July 17, 2007 Approximately 100,000 anterior cruciate ligament (ACL) reconstructions are performed each year. After surgery, patients who return to sport often wear a hard brace or neoprene sleeve to protect the knee. This study refutes common belief that a hard knee brace is more protective than a neoprene sleeve.
Users of functional knee braces and neoprene sleeves have similar recoveries from ACL reconstruction, according to new research presented at the 2007 Annual Meeting of the American Orthopaedic Society for Sports Medicine at the Telus Convention Center, July 12-15.
"For patients returning to sport after ACL reconstruction, a functional knee brace, which is sturdy, elaborate, and expensive, does not provide advantages over a soft neoprene elastic sleeve," says principal investigator Trevor Birmingham, Ph.D., P.T., Canada Research Chair in musculoskeletal rehabilitation at the University of Western Ontario and the Fowler Kennedy Sport Medicine Clinic in London, Ontario.
ACL reconstruction surgery is common, particularly in young, athletic individuals. The ACL is an important ligament inside the knee that helps keep it stable. ACL reconstruction involves replacing the torn ACL with a strip of tendon called a graft. Approximately 100,000 ACL reconstructions are performed annually according to the American Academy of Orthopaedic Surgeons.
"It is widely believed that the rigid support provided by a functional knee brace protects the graft and improves knee stability and function when the patient returns to sport after surgery and rehabilitation," explains Dr. Birmingham. "Others believe that the additional support provided by a brace is not necessary."
To address this uncertainty, Dr. Birmingham and colleagues studied 150 athletes preparing to return to sport following ACL reconstruction. Seventy-six patients were randomized to receive a functional knee brace and 74 to receive a neoprene sleeve. The patients were instructed to wear the orthosis during all physical activities. The researchers found no significant differences between the groups at the one- and two-year follow-up visits.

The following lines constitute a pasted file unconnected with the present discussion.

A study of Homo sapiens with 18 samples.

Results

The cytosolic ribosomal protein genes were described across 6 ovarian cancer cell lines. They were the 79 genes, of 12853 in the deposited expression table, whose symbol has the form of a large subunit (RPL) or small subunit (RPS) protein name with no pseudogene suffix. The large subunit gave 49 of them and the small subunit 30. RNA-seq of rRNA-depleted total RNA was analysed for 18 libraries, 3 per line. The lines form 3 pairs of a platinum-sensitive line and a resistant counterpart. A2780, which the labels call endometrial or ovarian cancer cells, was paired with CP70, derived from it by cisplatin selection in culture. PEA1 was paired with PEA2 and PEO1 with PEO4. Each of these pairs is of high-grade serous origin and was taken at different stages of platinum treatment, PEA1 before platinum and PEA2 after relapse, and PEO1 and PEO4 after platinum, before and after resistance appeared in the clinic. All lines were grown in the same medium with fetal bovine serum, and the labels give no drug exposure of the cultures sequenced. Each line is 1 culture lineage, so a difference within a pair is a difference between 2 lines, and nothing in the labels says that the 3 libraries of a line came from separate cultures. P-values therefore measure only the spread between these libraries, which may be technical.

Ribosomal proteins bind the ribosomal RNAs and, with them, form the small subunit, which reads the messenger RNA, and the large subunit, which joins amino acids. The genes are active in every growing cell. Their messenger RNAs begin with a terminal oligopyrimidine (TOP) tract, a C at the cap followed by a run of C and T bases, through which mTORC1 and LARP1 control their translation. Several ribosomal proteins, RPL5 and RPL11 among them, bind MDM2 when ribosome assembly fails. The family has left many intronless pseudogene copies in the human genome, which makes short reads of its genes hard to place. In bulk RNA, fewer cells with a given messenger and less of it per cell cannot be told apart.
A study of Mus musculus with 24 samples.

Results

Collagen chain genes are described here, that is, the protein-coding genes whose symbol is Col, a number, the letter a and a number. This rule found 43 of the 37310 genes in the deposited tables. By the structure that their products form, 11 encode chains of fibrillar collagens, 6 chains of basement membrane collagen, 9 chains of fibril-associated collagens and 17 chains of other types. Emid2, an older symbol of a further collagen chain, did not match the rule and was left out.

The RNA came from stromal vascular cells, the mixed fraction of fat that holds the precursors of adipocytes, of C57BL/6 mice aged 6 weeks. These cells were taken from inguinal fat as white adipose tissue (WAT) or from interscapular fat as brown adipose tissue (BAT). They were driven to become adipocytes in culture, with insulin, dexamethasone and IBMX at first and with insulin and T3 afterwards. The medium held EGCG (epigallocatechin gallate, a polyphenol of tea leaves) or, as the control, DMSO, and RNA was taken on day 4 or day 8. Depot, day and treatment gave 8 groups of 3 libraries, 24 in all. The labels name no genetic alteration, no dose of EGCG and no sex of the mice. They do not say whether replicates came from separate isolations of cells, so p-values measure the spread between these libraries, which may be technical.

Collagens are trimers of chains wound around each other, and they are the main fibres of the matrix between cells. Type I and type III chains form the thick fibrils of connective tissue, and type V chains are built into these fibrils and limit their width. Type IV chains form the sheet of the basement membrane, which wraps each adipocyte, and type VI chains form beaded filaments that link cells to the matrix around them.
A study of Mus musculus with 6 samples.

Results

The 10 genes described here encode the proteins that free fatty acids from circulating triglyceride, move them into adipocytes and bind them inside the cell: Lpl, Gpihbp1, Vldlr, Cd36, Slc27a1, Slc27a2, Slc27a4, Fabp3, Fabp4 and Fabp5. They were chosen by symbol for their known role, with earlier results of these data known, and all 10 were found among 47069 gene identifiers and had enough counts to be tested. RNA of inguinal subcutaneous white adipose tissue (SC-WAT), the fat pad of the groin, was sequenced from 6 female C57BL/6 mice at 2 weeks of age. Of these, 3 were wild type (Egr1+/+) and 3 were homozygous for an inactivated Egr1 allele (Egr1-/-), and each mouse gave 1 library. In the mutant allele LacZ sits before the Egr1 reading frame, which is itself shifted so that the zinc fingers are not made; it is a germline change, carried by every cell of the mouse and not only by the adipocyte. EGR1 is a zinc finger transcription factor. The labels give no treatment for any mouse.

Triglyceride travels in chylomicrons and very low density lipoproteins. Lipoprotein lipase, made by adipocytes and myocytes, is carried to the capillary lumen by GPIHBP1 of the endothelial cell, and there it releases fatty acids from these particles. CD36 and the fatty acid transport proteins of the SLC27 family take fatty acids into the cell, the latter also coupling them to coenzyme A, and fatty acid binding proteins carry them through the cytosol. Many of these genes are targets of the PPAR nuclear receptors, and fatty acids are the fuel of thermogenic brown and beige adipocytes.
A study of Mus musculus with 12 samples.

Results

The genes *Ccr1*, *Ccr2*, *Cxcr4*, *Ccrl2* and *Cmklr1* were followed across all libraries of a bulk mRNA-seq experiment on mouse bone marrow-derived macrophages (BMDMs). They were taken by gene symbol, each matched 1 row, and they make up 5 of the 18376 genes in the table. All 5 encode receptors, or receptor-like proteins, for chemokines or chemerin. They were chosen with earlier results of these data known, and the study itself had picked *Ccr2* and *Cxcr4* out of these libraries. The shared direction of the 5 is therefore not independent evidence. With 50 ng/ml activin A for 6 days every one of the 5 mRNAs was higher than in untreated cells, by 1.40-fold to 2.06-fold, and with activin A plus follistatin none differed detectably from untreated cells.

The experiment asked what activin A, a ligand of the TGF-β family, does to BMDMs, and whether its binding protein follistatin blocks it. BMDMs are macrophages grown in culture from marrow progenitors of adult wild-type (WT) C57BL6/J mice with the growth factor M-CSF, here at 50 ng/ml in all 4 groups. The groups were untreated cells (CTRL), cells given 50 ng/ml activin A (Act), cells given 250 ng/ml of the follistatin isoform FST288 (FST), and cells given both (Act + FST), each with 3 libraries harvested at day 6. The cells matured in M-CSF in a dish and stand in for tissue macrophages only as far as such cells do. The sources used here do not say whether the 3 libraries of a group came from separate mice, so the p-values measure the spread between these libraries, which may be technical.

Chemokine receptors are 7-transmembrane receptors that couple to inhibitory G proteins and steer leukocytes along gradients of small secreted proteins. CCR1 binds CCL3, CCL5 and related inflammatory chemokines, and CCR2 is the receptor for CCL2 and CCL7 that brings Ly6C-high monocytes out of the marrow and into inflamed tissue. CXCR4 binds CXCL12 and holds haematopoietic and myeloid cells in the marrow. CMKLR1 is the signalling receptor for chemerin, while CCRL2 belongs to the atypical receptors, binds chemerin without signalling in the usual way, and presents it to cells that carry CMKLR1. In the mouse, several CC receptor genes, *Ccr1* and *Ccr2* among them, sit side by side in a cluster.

"Based on our clinical experience, we were not completely surprised by the results," Dr. Birmingham comments. "These findings provide strong evidence that the average patient does not require a functional knee brace when returning to sport after ACL reconstruction. There may be some patients who will benefit from a brace, and identifying these individuals requires further research. Until then, these decisions are left to the surgeon's discretion."
ACL functional knee braces are made by several different companies and have a variety of looks and fitting instructions. They are intended to limit abnormal movement of the knee and prevent excessive strain on the ACL or new graft. They generally provide a rigid support to restrain the knee, although they may also improve neuromuscular control of the knee. Most laboratory studies suggest that different types of functional knee braces perform similarly.
Neoprene sleeves are also made by several different companies and have different looks. Rather than providing rigid support, they are only intended to gently compress the area around the knee and improve neuromuscular control.
The study was large enough and had enough statistical power to detect even slight differences between the functional knee brace and sleeve groups. "We can be confident that even if small but true differences between these groups exist, these differences are not large enough to be clinically important," concludes Dr. Birmingham. He notes that the study was not designed to test whether using a neoprene sleeve was better than using nothing at all.